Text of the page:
While it is common to see women and girls balancing buckets of water on their heads in the rural communities of Malawi, where people have to collect water from rivers, communal wells and boreholes, the practice has now extended to the country’s main cities of Lilongwe, Blantyre and Mzuzu.
According to the new study by the IIED, an independent research organisation focusing on sustainable development, these are the signs that show that Malawi is failing to meet the Millennium Development Goal (MDG) for water and sanitation in its urban areas, which calls to halve the proportion of people without sustainable access to safe drinking water and basic sanitation by 2015.
Data released by Malawi’s government to show progress in urban water supply are ambiguous and create a false impression of the situation, IIED researchers say.
The study, which was sponsored by the Scottish government, one of Malawi’s key foreign donors, indicates that water and sanitation remain woefully inadequate in the country’s informal settlements that are home to about 60 percent of the urban population, despite government claims that nearly all urban citizens have access to safe water and sanitation.
Residents of Malawi’s capital Lilongwe confirm that government statistics are unlikely to be correct. Martha Kaliwo, 54, a resident of Ntandile, a township outside of Lilongwe, told IPS that access to water and sanitation has not improved in recent years.
“Taps run dry frequently, forcing residents to roam the city streets in search of water. Actually, we get surprised if we have running water for three days in a row. We are resorting to fetching water from unsafe water sources, and most times we have to walk long distances searching for safe water,” she explained.
Kaliwo says many women, who are traditionally responsible for collecting water, tend to be late for work, if they have jobs, because they have to spend many hours of the early morning to scout for water to drink, wash and cook. “We are tired after walking around in search of water, and our productivity levels are very low,” lamented Kaliwo.
She notes that few households have toilets of their own, and the fact that many families share one facility means that sanitation standards are low. “There are clusters of up eight houses which use one pit latrine in most compounds around the township where I live,” said Kaliwo.
The IIED research shows that 42 percent of urban households dispose of their waste in pits dug within their plots, while 21 percent throw waste out on the road or into a river, and only nine percent of waste is removed to community or city waste sites. Municipalities fail to provide waste skips, and when they do, many informal settlements are inaccessible to the lorries that are supposed to deliver and collect them.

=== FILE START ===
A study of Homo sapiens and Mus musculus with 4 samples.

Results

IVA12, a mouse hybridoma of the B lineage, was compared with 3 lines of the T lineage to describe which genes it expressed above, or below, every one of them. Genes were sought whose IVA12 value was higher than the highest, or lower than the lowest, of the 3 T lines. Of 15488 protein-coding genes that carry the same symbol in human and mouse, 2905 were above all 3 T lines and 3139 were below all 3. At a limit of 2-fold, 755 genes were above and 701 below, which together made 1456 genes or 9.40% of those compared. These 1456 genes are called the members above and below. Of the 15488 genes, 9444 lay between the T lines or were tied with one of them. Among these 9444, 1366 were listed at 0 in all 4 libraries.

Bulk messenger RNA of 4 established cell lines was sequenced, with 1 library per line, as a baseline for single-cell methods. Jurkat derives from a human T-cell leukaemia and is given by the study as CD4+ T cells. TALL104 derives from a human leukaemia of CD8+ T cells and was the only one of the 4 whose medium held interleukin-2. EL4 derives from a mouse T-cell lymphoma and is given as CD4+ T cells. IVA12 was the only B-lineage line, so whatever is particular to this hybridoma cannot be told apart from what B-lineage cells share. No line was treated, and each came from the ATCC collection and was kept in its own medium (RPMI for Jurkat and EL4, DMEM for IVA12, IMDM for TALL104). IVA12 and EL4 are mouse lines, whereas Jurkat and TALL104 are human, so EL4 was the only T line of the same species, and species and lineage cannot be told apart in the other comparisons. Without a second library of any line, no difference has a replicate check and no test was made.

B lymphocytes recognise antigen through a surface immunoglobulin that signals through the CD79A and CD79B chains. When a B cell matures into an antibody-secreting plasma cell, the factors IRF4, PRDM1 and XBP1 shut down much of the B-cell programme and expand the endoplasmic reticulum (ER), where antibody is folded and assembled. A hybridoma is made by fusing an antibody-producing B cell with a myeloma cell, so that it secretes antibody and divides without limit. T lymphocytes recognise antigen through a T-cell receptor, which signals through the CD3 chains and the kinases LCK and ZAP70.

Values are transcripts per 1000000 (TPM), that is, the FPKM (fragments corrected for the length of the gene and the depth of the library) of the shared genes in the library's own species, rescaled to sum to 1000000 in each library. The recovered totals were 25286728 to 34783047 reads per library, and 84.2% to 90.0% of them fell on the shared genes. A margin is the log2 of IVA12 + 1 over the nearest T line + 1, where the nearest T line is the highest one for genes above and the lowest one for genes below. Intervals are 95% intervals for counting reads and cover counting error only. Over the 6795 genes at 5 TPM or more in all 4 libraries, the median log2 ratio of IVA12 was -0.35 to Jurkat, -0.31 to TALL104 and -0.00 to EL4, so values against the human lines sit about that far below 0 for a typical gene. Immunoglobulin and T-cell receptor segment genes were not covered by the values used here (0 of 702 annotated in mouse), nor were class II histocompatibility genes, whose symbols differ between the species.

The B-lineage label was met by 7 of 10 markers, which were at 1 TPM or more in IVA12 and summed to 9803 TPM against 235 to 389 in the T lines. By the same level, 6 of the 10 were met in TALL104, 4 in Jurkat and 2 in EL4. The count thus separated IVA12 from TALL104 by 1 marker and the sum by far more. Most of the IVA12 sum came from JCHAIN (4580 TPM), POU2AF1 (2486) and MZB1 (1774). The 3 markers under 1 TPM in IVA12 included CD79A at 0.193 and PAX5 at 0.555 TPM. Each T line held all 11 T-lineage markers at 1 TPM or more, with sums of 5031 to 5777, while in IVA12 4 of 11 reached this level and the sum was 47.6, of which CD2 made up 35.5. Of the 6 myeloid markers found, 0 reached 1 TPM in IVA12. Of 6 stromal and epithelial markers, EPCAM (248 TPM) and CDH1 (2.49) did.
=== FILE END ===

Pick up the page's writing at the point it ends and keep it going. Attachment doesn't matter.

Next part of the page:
In the nine urban settlements surveyed, only a quarter of households had individual water connections, the study further found. Half relied on water bought from water kiosks, while 13 percent bought water from neighbours who have running water. The report also indicates that water kiosks, or communal water points, are not always open for business – most open for three hours in the morning and three hours in the afternoon, and remain closed overnight.
Boyd Kalumo, 52, a resident of densely populated township Ndirande, near Malawi’s commercial capital Blantyre, complains that there are usually long queues at the water kiosks in the few hours that they open and that women spend a lot of time waiting for their turn to draw water.
“We cannot access water if we need it at night, and we have to try to stock up. This is very inconvenient,” said Kalumo.
He also says erratic water supply is forcing urban residents to fall back on unsafe water sources, like drawing water in buckets from swamps. Water toilets are becoming redundant for many. “Most households are now constructing pit latrines outside their houses because we can no longer depend on the flush toilets,” explained Kalumo.
Only 10 percent of Blantyre’s population and eight percent of Lilongwe’s live in homes connected to sewers, and in Mzuzu, there are no sewerage systems installed at all, IIED researchers noted.
The IIED findings stand in stark contrast to the statistics published by the government of Malawi, which claims the county has been making significant progress towards meeting the MDG for water and sanitation by 2015. “It is clear that the official statistics on provision for water do not use the same definition as specified in the MDG [document] – the proportion of the population with sustainable access to safe drinking water,” IIED researchers suggest.
The MDG document’s definition of sanitation is ambiguous, referring to the proportion of a population with access to ‘basic sanitation’. Malawi could be meeting the sanitation aspect of the goal in urban areas if the term ‘basic sanitation’ is interpreted as including very basic pit latrines shared by several households and often poorly maintained, according to IIED.
Despite its positive-looking, national statistics, the Malawi government seems to be aware of the need to improve the country’s water and sanitation provision. When presenting the 2009-2010 national budget in July, finance minister Ken Kandodo promised government will ensure that the national water boards, which are in charge of supplying the country’s cities with clean water, will be made more effective.
“We will ensure that there is an efficient and enhanced water supply in the country,” he told Parliament.
In May, principal secretary for water development, Andrina Mchiela, also pledged to improve water supply and sanitation: “We want 80 percent in every 100 people to have access to clean water and improved sanitation by 2013.”
It is yet to be seen if the water and sanitation problems will be resolved within three years as promised by government. For now, taps continue to run dry in Malawi’s cities.